Browse all

Why Chanel doesn't need an e-commerce

The Maison's strategy, unique of its kind, relies entirely on its brand reputation

Why Chanel doesn't need an e-commerce  The Maison's strategy, unique of its kind, relies entirely on its brand reputation

During this pandemic year, brands and fashion houses of every sector and calibre have had to come up with unprecedented solutions to at least partially offset the losses caused by lockdowns and store closures. In this context, Chanel has always been an exception. The historic French Maison in fact sells online mainly beauty and skincare products, fragrances and sunglasses, while for accessories and clothing it prefers to focus exclusively on in-store sales. A strategy that the brand has been pursuing since before the start of the health emergency, and which has remained unchanged in all these months, never suggesting a change in this sense. The question then remains: why doesn't Chanel have an e-commerce site? 

As BoF also pointed out back in April 2020, Chanel remains one of the most desired and profitable luxury brands in the industry. Although the annual sales results won't be revealed until next June, as reported by Vogue Business, according to analysts Chanel will not be particularly affected by the lost sales caused by the closure of the stores. First of all, because that balance on which the fame and desirability of the brand are based, made up of huge demand in the face of a very small supply, has only strengthened in these pandemic months, making everything that the brand produces even more exclusive and desired. Furthermore, Chanel's prices, which like those of Hermès have risen in the last 12 months, are appealing to a consumer audience who hasn't emerged penalized by the pandemic, but that on the contrary will still have the purchasing power of before even after the pandemic. Chanel's strategy, therefore, wanted to enhance some aspects of the brand's branding, to the detriment of others: growth, both in terms of sales and corporate, has taken a back seat, leaving room for brand reputation and the desirability of the brand, two values which will become even more strategic after the end of the pandemic. 

According to Chanel, e-commerce would deprive the final consumer of a central aspect in the purchase process, the experience, something that at the moment Chanel wants to maintain only in its physical stores. "Today, e-commerce is a few clicks and products that are flat on a screen. There’s no experience. No matter how hard we work, no matter how much we look at what we can do, the experience is not at the level of what we want to offer our clients", said Bruno Pavlovsky, president of Chanel Fashion and  Chanel SAS to Vogue Business last October. "There are alternatives to e-commerce. Pure e-commerce is not an end per se. Service is much more important", continued Pavlovsky.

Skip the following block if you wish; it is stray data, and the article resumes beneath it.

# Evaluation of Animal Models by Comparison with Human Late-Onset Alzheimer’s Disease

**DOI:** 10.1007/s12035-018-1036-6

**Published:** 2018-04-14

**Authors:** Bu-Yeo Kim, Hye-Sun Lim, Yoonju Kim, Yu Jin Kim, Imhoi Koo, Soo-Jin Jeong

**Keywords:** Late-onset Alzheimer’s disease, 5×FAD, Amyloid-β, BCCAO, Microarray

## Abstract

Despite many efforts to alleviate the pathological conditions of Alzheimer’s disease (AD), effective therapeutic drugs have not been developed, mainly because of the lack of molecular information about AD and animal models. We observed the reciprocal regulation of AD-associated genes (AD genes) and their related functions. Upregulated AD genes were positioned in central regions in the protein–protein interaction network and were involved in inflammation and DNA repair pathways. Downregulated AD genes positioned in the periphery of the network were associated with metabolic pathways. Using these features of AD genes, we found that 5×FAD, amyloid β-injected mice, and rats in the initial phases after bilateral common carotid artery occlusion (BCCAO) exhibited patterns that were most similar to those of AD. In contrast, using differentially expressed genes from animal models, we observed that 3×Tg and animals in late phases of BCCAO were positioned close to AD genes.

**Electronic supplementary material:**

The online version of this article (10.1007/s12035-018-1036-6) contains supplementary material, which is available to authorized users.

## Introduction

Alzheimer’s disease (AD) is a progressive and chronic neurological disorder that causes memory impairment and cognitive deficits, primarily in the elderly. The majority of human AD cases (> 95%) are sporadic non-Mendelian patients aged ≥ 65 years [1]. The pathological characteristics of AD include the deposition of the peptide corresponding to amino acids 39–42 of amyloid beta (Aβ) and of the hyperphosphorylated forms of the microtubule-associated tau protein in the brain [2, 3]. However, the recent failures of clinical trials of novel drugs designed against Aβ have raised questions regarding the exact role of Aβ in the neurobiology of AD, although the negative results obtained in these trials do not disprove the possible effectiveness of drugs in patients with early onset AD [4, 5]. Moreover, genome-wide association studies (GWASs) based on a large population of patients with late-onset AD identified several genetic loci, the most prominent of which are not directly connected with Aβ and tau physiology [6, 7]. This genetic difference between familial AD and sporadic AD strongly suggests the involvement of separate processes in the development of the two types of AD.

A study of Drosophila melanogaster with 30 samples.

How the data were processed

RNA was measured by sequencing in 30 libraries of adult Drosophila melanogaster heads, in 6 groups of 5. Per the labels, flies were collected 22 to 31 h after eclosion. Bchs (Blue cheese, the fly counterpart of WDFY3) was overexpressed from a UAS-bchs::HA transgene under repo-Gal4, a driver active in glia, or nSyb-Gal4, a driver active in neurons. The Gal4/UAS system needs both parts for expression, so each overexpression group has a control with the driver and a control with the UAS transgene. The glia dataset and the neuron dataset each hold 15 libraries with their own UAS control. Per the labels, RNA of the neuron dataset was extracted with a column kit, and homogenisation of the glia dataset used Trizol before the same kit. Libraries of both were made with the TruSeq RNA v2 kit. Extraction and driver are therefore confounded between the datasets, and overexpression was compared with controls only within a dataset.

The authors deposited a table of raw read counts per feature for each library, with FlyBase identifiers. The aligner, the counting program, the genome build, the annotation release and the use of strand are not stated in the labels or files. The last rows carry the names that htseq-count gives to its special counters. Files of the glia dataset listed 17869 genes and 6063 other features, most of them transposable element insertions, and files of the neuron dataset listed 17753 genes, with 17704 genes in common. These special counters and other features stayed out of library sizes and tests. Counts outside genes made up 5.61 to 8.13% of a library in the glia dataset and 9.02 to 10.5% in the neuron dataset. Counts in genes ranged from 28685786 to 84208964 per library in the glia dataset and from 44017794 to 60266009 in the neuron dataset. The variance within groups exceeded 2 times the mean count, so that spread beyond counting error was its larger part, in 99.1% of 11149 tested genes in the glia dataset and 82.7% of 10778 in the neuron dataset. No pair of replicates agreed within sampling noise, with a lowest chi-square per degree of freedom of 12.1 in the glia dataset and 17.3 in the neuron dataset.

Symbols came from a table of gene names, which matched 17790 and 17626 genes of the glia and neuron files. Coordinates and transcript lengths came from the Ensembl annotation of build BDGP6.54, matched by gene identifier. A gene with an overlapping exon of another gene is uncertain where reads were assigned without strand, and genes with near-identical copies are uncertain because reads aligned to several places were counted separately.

With over 43 million followers only on Instagram, with a profile filled with exclusive and interactive content, Chanel doesn't shy away from online presence, and the advantages it offers, but everything it produces and publishes is born with the desire of always standing out, to achieve always something different than the others. There was the partnership with Farfetch, for example, of which Chanel owns a small stake; the pop-up with Net-a-Porter in 2015; the digital events hosted by Sofia Coppola reserved for top clients during the pandemic months; and a five-star product delivery service has been introduced. Perfumes and beauty products, which accounted for 36% of Chanel's total revenue in 2019, are largely distributed on the brand's social media channels in China. Over the last few days, the brand launched a new app, Lipscanner, dedicated to beauty, in which augmented reality and face recognition allow customers to try (virtually) the brand's products. 

Chanel's strategy remains unique in the luxury landscape. Hermès, for example, has started selling a selection of products online in recent months, as well as Patek Philippe, which has allowed some of its retailers to sell a selection of models online for the first time. Chanel's firm decision on the e-commerce front has led many to compare the brand to Bottega Veneta and its choice to leave all social media. The strategy of absence led everyone to talk about the brand led by Daniel Lee, a mediatic move that seems to be working even in the case of Chanel. If Louis Vuitton, the largest luxury brand in the world, recorded a 12% increase in online sales in 2020, +6% compared to 2019, Chanel continues on its path, and after facing the entire pandemic year without e-commerce it certainly won't change its strategy now. Although according to many in the long run Chanel will retrace its steps, at this moment the heritage, the aura, the brand value, the aspirational image that Chanel offers are enough to survive, even without online shopping.